Ohio workers' compensation law limits the amount and type of damages you may receive if you sustain an on-the-job injury. In a typical workers' comp case, you might receive compensation to cover your medical expenses, rehabilitation costs and a portion of your lost wages but not for much else. Because workers' comp law limits the benefits you may recover for a single injury, you may wonder if you can file a personal injury lawsuit against your employer instead. Unfortunately, the answer is, not likely.
According to FindLaw, workers' compensation is a no-fault system designed to benefit both the employer and employee. Injured workers benefit because they do not have to prove fault for an incident while employers benefit because they do not have to defend themselves in personal injury cases. However, there are a few exceptions to this no-fault system.
For instance, if you truly believe that your employer intentionally caused you harm, you may be able to bring a lawsuit for intentional tort. If successful, you would be able to recover compensation not only for your physical injuries but for your emotional damages as well. Some examples of intentional torts are as follows:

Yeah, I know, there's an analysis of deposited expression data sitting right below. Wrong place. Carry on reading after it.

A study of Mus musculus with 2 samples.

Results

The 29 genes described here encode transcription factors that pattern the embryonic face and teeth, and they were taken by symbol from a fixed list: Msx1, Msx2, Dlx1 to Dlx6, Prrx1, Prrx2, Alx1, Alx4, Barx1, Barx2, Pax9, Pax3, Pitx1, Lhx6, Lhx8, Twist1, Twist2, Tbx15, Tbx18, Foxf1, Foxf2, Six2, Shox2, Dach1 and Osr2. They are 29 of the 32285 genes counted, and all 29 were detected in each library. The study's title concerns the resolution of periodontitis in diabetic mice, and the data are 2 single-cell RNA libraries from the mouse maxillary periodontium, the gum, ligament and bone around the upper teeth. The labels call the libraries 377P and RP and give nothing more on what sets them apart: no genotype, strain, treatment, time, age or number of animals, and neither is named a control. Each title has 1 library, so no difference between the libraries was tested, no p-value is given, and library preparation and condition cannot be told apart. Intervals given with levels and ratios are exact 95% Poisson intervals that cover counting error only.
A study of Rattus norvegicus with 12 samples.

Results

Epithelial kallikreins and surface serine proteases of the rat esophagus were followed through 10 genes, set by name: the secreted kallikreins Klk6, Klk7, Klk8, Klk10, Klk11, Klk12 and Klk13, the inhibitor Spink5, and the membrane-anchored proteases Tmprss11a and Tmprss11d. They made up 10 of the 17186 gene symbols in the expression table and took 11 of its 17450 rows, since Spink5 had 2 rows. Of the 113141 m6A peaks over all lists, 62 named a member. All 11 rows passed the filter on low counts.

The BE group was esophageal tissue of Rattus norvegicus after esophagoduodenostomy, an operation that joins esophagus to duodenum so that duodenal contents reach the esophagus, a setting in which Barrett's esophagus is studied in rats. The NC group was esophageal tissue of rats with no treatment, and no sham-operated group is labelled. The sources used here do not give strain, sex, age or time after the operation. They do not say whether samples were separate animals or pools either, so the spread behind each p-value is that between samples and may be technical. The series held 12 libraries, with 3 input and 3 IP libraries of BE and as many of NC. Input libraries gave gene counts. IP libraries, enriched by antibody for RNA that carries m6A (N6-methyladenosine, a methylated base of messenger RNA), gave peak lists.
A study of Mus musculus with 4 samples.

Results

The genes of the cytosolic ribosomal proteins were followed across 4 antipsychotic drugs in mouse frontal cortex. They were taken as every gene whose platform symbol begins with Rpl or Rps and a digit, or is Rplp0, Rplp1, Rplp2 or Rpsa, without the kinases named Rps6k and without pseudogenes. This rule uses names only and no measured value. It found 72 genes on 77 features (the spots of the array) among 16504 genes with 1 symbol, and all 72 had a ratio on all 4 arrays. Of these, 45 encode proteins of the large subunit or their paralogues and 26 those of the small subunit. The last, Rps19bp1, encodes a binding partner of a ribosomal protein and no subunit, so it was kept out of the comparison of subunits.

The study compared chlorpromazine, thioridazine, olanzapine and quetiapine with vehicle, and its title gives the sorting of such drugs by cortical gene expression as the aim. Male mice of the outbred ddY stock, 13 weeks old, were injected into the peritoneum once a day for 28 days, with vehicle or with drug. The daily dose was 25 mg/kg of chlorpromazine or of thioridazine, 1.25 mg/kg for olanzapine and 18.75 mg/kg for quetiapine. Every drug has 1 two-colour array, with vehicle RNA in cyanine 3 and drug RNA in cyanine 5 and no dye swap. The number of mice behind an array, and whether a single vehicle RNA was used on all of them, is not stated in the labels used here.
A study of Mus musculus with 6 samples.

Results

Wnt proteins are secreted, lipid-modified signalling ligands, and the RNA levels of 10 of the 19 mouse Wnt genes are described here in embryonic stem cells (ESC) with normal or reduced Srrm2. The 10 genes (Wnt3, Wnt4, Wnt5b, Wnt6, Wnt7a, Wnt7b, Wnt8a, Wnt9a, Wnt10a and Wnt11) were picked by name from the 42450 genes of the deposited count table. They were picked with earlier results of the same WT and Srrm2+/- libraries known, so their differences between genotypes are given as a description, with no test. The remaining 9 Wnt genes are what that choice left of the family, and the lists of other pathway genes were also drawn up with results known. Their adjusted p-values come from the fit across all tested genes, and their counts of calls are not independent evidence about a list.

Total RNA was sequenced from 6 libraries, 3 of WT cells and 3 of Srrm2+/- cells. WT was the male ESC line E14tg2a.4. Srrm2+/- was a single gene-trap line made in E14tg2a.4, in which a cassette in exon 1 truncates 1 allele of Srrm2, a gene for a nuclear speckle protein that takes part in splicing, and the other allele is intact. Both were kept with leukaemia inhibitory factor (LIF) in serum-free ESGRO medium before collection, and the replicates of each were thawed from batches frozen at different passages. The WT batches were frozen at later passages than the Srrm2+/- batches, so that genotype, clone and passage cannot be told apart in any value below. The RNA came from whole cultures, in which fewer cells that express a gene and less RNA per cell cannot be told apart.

- Fraud, defamation or conversion
- Intentional infliction of emotional distress
- Assault and/or battery
- False imprisonment
- Invasion of privacy
You may also be able to pursue a civil claim if you believe a third party — meaning, a party other than your employer — was responsible for your harms. For instance, if your injury was the result of an equipment malfunction even though your employer was religious about equipment maintenance and upkeep, you may be able to sue the equipment manufacturer. However, if the workers' compensation company already paid you benefits, and if you recover from your lawsuit, you may have to repay a portion of the recovery to the workers' comp insurer. Additionally, if you file a lawsuit against a third party, your employer has a right to join the suit as well.
This content is for informational purposes only. You should not use it as legal advice.